When Colorado’s Lauren De Crescenzo decided to start racing gravel last year, she did so on a borrowed bike. After all, what would a former professional road racer need a gravel or cyclocross bike for?
At last year’s Crusher in the Tushar, she borrowed a Scott Addict from DNA Pro Cycling team co-owner Alex Kim and crushed the Tushar en route to an impressive win and comeback from a devastating 2016 injury.
After that experience and then racing Rebecca’s Private Idaho, De Crescenzo decided to start a second life in bike racing as a gravel racer. This year, she has done the full circuit, finishing 5th at the Land Run 100 and 6th at the Belgian Waffle Ride and landing in the Top 10 of the Groadio Power Rankings. At the beginning of June, De Crescenzo was in Emporia getting set to take on her first Dirty Kanza.
Now a legit gravel racer, De Crescenzo also got a legit gravel bike for 2019. Well, a kind of legit gravel bike.
De Crescenzo’s bike this year has been a Cannondale SuperX. Although officially a cyclocross bike, the wide clearance and Out Front geometry of the SuperX makes it a popular choice for gravel. How popular? It was SuperX2 in winning the 2018 Dirty Kanza 200.
I took a look at De Crescenzo’s SuperX on DK200 Eve and chatted with the former road racer about what it is like to embrace her inner off-road side.
Lauren De Crescenzo’s Cannondale SuperX Gravel Bike
De Crescenzo was one of several riders hoping to bring home a DK200 title on a Cannondale SuperX at the beginning of the month. Ted King was back on a new, red model this year, the EF Education First riders rode the frame and the Aevolo Cycling squad that included Lance Haidet, Gage Hecht and Cade Bickmore was also on the cyclocross platform.
We had heard rumors that someone might be on the new Topstone Carbon from Cannondale, but at the Dirty Kanza, all the riders were feeling Super. When I spoke with De Crescenzo on DK Eve, she hinted the new bike could be coming soon for her and her DNA Pro Cycling teammates. “We’re going to get our new bikes after DK, like a week from now. I’m not sure what they are, it’s going to be a surprise,” she said. [spoiler alert: the new bikes will be the Topstone Carbon]
The carbon SuperX is a popular choice as a gravel bike thanks to the slack front of the Out Front geometry and plenty of room for tires in the 38-40mm range most riders choose for the Dirty Kanza. Part of that tire clearance is accomplished with Cannondale’s Asymmetric Integration that moves the drivetrain out by 6mm. Wheels, such as the ones De Crescenzo ran, need to be redished 6mm to the left to fit the offset stays.
De Crescenzo’s frame is from the 2019 model year, which Cannondale is billing as the third generation of the design revamped in 2017. Although the bike has been used for plenty of gravel, Cannondale has kept the design relatively stripped down and has not added features such as rack mounts or mounts for a top tube bag.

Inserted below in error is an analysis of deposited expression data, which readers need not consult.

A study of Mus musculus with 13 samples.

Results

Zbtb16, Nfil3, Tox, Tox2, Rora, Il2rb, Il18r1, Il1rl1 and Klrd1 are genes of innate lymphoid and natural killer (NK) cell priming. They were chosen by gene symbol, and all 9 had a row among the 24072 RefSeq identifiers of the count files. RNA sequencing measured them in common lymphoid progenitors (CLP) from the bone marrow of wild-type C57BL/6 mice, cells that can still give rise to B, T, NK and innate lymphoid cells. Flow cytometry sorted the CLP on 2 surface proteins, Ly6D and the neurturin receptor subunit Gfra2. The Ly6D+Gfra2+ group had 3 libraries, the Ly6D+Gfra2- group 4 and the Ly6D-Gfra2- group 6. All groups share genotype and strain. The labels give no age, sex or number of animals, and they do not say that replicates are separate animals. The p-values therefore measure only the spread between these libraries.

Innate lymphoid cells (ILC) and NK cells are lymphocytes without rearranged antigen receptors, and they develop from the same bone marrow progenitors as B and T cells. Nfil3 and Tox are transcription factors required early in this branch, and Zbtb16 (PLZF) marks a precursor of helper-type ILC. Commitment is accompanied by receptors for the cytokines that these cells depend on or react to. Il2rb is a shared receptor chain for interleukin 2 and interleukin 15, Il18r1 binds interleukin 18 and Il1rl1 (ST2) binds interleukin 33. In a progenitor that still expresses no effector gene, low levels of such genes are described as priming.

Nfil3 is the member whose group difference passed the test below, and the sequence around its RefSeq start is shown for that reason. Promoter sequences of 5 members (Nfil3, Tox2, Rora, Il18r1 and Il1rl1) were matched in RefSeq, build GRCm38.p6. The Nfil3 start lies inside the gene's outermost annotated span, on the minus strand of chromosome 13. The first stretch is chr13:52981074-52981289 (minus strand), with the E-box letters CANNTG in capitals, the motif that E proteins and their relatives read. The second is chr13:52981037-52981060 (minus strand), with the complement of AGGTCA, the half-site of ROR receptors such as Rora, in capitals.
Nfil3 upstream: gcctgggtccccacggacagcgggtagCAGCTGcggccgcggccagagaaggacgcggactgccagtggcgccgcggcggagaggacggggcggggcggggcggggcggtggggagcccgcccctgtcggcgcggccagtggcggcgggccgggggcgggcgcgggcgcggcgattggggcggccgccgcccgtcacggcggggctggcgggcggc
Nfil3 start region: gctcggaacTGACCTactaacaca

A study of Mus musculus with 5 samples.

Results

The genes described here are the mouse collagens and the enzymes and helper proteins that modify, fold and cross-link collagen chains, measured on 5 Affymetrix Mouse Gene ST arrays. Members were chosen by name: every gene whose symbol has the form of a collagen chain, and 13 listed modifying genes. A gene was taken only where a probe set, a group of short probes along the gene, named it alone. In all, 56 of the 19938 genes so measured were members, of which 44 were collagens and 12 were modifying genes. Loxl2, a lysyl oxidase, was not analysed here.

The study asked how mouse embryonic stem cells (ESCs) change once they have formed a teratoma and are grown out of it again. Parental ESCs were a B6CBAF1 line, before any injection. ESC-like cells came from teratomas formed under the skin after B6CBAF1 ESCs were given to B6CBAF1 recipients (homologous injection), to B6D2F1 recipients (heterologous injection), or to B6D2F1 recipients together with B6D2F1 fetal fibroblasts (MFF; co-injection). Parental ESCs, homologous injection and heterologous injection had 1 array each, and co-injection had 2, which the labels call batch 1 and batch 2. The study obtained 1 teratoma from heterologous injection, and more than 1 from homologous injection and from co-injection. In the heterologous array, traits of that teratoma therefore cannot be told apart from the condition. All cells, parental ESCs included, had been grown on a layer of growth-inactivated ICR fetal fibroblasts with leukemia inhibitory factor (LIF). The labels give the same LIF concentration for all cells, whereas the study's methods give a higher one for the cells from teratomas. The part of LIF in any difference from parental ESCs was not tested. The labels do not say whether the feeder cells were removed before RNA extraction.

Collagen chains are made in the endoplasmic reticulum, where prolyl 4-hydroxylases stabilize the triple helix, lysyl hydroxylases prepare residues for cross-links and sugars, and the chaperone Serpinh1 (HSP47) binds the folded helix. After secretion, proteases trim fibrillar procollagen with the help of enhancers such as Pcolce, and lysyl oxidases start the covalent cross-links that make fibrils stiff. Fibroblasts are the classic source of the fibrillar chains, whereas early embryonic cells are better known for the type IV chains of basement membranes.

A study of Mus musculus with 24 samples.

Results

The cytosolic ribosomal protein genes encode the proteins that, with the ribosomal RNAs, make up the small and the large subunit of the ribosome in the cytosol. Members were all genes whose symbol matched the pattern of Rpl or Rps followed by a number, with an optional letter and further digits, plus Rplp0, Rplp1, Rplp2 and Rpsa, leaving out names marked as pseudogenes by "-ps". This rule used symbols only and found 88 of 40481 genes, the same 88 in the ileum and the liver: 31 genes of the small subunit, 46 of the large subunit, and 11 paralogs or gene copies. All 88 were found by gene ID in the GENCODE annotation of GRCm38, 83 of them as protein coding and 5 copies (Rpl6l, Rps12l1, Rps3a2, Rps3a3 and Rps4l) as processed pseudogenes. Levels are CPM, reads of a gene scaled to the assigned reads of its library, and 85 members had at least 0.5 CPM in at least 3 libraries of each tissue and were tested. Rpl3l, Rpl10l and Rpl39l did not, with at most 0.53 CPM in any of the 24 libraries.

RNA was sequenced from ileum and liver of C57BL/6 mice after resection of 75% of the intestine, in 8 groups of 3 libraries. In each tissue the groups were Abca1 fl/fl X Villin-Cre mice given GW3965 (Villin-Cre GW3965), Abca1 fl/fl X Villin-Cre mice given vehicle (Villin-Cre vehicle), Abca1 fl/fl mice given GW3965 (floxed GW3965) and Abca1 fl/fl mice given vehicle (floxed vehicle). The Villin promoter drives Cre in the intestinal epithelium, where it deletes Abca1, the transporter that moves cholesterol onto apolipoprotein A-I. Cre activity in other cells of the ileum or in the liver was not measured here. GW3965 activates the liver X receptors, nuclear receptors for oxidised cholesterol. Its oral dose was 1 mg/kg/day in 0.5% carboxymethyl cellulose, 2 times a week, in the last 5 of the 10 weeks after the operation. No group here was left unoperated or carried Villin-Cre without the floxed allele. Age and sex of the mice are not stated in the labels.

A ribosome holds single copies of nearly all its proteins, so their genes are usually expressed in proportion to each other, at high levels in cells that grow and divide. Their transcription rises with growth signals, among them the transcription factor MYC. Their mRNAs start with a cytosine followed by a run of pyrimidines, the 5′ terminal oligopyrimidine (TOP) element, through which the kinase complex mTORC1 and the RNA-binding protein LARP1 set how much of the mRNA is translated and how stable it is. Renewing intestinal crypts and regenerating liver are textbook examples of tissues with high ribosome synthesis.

The Hangar 15 bike shop in Utah builds the DNA Pro Cycling’s team bikes. The colorway of De Crescenzo’s bike is that of the current Ultegra build, and like Amanda Nauman, Sarah Max and Erica Mueller, she opted for a 2x drivetrain that was, in her case, similar to the stock build.
De Crescenzo swapped in a Rotor INpower crank with gravel-style 48/32t Rotor DM Round Chainrings. Unlike the other women, she kept things traditional with an R8000 mechanical front derailleur.
In the back, De Crescenzo ran an Ultegra R8000 derailleur with an 11-32t cassette. She did not opt for the newish RX800 clutch-based option available at the Ultegra level. She did use Dura-Ace R9120 shift/brake levers, however.
“It’s perfect for gravel because you don’t need that many gears,” she said about the setup. “It’s really hard to do road time trials on this setup though. I did one on this ’cross bike and I got second. I couldn’t pull off the W on a ’cross bike at that.”
Tire choice for Dirty Kanza brought something new for De Crescenzo’s bike. “My teammate told me it was a good idea to run 38 or 42mm tires,” she said. “We had 32s earlier, but I contacted Panaracer and they were able to get 38s. I did my first ride on them today. I’ve only ever ridden up to 32mm wide.”
She ran the 700c x 38mm Panaracer GravelKing SKs with the + casing. Mat Stephens also ran the + casing, although in blue, and De Crescenzo left a color coordination opportunity on the table by not running the green treads.
She attached them to relatively aero Metron 40 SL Disc carbon tubeless clinchers.
With talk of aero bars all the rage at DK, De Crescenzo had to get aero in different ways. By choice, yes, but also by necessity.
“I thought about it, but I didn’t want to be that person with aero bars on a ’cross bike.,” she said. “Plus, I can’t fit them anyway. I don’t have the option. The handlebar is supposed to be aero-er because it’s flat. Hopefully I’m not in the wind too much.”
Her handlebar was an FSA K-Wing AGX carbon bar that has a raised, aero profile. Bright green Arundel tape kept things matchy-matchy with the rest of the frameset.
De Crescenzo showed me her bike on Friday afternoon after a brief DK Eve shakeout ride. She had her bike nearly ready to go for Saturday, with an Arundel saddle bag and two water bottles from team partner Ascend Nutrition.
Unlike other the riders behind some of the other bike profiles we have done, De Crescenzo’s 2019 DK200 story does not have the happiest of endings. She crashed and broke her collarbone early in the race when someone went down in front of her. We wish her well on the road to recovery and have no doubt we will see her back on the gravel scene on her new Topstone Carbon soon enough.
For more on De Crescenzo’s bike, see the photo gallery and specs below.